Thanks to Ironman competitor and triathlete, Kelly Mahoney, for her insights into the world of endurance athletes. Train for and master “the swim” with these endurance and triathlon swimming tips.

Triathletes prep for a swim.
Mahoney prepares for the Gull Lake Triathlon swim.

Swimming is a sport unlike any other and was difficult for me to tackle initially.

I thought I had all the tools I needed when I resolved to complete my first sprint triathlon last summer. I mean, I’ve been swimming since I was a baby, what more is there?

Turns out, quite a lot. First, I needed an athletic swim suit, along with goggles and a swim cap. The goggles were a bit tricky to find, and learning how to put on a swim cap required a little YouTube viewing. Then I needed a place to swim, which prompted finally joining a gym (for better or worse).

I rapidly learned I didn’t know how to swim, either. After a few laps, I was exhausted. I met with a swim coach and it made a huge difference for me.

Then things got serious this training cycle. I had to hit the pool at least twice a week for as much as an hour at a time. I’ve added a few tools to my repertoire as well to do the best I can without a coach. My swim workouts usually shake out to include one distance/endurance based session and one interval workout per week.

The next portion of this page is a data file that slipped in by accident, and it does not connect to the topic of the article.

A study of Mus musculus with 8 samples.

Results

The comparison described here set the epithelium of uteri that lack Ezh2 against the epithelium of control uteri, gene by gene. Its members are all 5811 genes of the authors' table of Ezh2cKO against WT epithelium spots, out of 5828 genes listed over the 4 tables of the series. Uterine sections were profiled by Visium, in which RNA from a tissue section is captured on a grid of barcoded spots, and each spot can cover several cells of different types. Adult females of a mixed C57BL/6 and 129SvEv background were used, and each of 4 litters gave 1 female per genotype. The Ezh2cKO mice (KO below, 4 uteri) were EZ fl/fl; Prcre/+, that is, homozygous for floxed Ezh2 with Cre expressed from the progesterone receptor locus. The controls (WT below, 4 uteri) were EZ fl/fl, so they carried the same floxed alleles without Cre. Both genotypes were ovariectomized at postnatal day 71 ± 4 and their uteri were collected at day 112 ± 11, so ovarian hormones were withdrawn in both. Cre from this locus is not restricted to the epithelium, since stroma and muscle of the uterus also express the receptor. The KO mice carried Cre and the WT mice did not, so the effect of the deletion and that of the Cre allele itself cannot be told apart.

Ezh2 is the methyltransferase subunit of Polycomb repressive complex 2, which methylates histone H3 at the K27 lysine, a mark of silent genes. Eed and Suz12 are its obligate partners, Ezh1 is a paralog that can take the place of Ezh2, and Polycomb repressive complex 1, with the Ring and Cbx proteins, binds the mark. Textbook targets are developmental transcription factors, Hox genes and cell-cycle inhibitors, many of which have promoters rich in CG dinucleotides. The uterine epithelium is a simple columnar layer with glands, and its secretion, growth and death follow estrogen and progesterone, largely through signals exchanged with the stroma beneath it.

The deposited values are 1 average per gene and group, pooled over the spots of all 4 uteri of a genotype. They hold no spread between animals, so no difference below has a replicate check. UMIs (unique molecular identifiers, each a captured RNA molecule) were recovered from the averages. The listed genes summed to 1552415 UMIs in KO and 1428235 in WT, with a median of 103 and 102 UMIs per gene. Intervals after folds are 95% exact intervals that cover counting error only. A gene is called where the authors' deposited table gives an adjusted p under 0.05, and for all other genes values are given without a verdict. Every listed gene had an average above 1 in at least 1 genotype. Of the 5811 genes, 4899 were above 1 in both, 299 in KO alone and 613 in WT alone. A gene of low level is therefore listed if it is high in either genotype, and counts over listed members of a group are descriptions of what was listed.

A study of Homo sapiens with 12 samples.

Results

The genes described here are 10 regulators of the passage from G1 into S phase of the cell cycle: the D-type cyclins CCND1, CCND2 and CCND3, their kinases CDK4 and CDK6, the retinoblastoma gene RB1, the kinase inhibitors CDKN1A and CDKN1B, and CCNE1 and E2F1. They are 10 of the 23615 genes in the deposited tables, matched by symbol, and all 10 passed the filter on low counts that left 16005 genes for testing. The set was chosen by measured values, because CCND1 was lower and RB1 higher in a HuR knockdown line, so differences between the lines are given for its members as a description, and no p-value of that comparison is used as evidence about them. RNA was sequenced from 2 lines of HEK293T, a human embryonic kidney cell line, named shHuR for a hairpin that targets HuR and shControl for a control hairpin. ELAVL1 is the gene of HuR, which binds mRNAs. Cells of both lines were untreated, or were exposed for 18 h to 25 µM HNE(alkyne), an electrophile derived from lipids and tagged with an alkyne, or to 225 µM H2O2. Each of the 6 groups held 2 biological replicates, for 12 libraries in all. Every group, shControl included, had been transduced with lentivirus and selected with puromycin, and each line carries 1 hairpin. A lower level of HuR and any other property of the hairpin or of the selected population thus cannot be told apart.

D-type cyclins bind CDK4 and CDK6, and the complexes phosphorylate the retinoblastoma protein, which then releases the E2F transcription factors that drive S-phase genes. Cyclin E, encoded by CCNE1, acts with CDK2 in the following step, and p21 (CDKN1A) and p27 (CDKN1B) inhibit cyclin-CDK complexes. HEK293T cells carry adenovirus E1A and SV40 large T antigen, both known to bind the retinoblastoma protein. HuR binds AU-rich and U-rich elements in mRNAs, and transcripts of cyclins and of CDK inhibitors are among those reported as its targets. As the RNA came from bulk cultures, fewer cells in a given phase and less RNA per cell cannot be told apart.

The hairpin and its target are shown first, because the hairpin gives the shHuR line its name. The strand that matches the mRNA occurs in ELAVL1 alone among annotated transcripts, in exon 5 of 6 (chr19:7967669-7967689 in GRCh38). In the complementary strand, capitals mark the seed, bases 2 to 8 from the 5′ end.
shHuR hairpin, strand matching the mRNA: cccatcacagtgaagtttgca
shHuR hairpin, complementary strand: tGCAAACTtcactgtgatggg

For the endurance workout, I’ll focus on completing a certain number of laps with the best form I can muster. For example, this morning, I ticked off 50 laps, or 2500 yards. So with each stroke, I focused on where my hand entered the water, then reaching forward and down. Mentally, I think about reaching the wall of the pool and scraping the bottom of the pool to try and get the most out of each stroke. I’m also working on bilateral breathing, so I’ll work to rotate my body and pull all the way through each swim stroke. Lots to think about, right?

Ironman competitors prep for the swim.
Mahoney tackles the Ironman 70.3 Racine.

For my interval workouts, I’m working on pushing my heart rate to the max and getting these workouts done as quickly as possible. Common workouts include 100-yard sprints with 50 yards of stroke work in between as a cool down, repeated 8 to 10 times. Another I do frequently is a pyramid workout of sprints, start with one lap in length and working up to five laps then back down again. In between, I’ll practice 50 yards of bilateral breathing to cool down.

Keeping track of my laps can be a total PITA. Some days, I think I swam somewhere between 28 and 35 laps because who knows once I start thinking instead of counting. One of my counting tricks is to think about the number rather than just repeat it in my head. Sometimes I think about what the number means in my life (23, the year I bought my house, 16, the year I started driving, etc.), but other times, I think of what I would like to eat “X” of. As in, four cookies, 14 skittles, etc. It’s just amusing and not actually what I eat, but it works.